It’s a scary thought for parents. After an enforced pause in 2020, Halloween spending is expected this year to return to something like pre-pandemic levels – which in 2019 stood at £474m in the UK alone, according to market analyst Statista. That equates to an awful lot of chocolate ‘treats’ being doled out on Britain’s doorsteps this 31 October to gangs of excited toddlers in fright wigs and Dracula masks.
Many in this country think of Trick or Treating as a highly commercialised and relatively recent American invention. But while it is true that the practice has been a Halloween tradition across the Atlantic since the 1920s, its origins are far more ancient – with some historians pointing to an ancient Greek custom, whereby children would go from door to door dressed as swallows, demanding food and vowing retribution on any who refused.
What’s more generally agreed is that many of our most enduring Halloween traditions – including lighting bonfires and wearing costumes to ward off ghosts – evolved more directly from the Celtic harvest festival of Samhain, which began at sunset on 31 October and marked the end of summer. It was a time when great feasts were held and the dead were said to walk the earth. Though later christianised as ‘All Hallows’ Eve’ – the day before All Saints’ Day in the church calendar – Halloween retains this pagan flavour, combining contemplation of mortality with mischievous fun and games.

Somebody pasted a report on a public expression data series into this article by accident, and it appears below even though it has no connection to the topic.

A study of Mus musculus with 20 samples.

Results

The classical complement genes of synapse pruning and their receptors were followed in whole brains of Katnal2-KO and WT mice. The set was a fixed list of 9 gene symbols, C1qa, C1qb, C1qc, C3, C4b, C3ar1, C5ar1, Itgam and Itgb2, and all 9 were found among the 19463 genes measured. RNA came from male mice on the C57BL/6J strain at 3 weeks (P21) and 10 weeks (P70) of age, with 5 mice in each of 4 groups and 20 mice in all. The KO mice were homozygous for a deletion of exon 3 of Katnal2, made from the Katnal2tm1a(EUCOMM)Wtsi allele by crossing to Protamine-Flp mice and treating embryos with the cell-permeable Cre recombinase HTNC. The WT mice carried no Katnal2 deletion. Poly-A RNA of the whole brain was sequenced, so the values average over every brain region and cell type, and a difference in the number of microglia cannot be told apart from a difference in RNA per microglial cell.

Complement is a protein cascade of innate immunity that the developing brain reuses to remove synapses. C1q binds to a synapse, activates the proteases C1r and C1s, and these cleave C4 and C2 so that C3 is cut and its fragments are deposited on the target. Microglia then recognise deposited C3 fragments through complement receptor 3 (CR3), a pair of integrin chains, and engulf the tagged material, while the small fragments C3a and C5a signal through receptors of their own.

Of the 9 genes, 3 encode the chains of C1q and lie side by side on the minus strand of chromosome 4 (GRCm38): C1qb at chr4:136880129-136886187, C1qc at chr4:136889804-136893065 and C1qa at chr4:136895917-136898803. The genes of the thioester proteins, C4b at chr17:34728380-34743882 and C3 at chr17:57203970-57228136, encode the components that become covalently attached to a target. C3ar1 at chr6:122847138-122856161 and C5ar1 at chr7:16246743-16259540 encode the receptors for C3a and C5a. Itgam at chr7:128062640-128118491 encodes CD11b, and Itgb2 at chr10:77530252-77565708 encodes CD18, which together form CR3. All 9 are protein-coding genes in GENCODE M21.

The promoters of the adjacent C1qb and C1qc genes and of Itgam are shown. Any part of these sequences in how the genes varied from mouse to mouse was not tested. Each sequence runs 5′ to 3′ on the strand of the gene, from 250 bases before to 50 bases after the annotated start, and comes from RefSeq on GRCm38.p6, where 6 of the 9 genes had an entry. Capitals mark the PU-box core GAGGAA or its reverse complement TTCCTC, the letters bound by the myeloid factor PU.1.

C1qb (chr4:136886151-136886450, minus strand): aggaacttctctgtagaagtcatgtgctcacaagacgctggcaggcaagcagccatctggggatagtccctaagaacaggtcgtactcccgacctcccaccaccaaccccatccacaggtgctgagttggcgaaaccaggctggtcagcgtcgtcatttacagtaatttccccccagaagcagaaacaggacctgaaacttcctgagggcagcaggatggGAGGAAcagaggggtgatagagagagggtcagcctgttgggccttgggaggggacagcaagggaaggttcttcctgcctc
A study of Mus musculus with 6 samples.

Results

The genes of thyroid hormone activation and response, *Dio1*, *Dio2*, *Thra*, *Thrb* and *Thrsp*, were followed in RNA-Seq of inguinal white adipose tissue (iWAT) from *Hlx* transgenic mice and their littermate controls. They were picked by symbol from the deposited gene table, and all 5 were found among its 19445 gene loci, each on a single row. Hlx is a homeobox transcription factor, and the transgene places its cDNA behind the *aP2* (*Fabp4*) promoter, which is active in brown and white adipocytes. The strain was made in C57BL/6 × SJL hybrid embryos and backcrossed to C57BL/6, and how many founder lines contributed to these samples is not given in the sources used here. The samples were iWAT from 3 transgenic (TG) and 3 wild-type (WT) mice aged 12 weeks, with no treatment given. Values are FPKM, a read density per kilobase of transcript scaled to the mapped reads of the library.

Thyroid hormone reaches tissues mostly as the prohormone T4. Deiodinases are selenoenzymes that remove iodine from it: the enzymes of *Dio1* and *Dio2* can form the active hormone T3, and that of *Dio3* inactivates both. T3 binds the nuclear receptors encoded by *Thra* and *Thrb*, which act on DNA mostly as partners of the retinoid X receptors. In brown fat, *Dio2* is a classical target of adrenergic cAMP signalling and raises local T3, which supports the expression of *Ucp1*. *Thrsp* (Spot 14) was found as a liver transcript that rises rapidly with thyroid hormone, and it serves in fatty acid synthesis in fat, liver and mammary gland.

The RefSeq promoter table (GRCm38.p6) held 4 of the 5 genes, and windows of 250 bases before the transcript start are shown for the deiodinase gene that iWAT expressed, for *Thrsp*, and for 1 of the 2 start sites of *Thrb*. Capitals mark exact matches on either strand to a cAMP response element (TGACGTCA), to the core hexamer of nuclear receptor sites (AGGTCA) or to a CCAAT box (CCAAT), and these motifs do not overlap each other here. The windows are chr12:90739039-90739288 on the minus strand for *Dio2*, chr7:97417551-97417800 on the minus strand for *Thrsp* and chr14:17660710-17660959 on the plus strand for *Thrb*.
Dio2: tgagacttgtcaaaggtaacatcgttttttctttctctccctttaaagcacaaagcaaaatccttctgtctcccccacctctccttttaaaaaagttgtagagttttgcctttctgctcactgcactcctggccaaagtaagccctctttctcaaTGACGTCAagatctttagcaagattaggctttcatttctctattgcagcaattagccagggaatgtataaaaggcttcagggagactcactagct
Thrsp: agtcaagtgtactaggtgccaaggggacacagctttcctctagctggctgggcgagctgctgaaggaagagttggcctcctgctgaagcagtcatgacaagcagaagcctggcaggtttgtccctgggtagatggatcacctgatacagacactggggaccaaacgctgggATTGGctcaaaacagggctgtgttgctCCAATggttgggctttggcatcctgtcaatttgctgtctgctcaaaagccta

It is this ancient spooky spirit that we are embracing this week on The Past. In the new issue of Current Archaeology magazine and on the latest edition of The PastCast, our brilliant podcast, we travel to Iona to examine fresh evidence which casts doubt on an enduring ‘zombie narrative’ – the traditional story of how the island’s trailblazing early medieval monastery was subject to tragedy and bloodshed at the hands of vicious Viking raiders.
You’ll also find us delving into the archives (by candlelight, of course) in search of tales of witchcraft, wizardry and all manner of ghoulish behaviour: we went to Bolsover Castle, in Derbyshire, to learn how magical markings were used to protect animals as well as people during the Stuart era; we headed to Wern Wen, in north Wales, to study a sinister malediction carved into a beam at a 19th-century farmhouse; we ventured to Reigate to see the lengths to which people would go to ward off witches in the 17th century; and we even checked in to the British Library to examine the magical links between archaeology and the Harry Potter series of children’s books. Elsewhere, we journeyed further back in time to understand why the ancient Greeks thought so much about the dead – from how their remains should to be disposed of to how their spirits might be summoned back to the land of the living.
And finally, if all that leaves you hungry for more Halloween-themed history, why not have a go at our latest quiz, which this week is also designed to test your knowledge of horrible happenings and ghostly goings-on. Good luck, and we hope you enjoy The Past!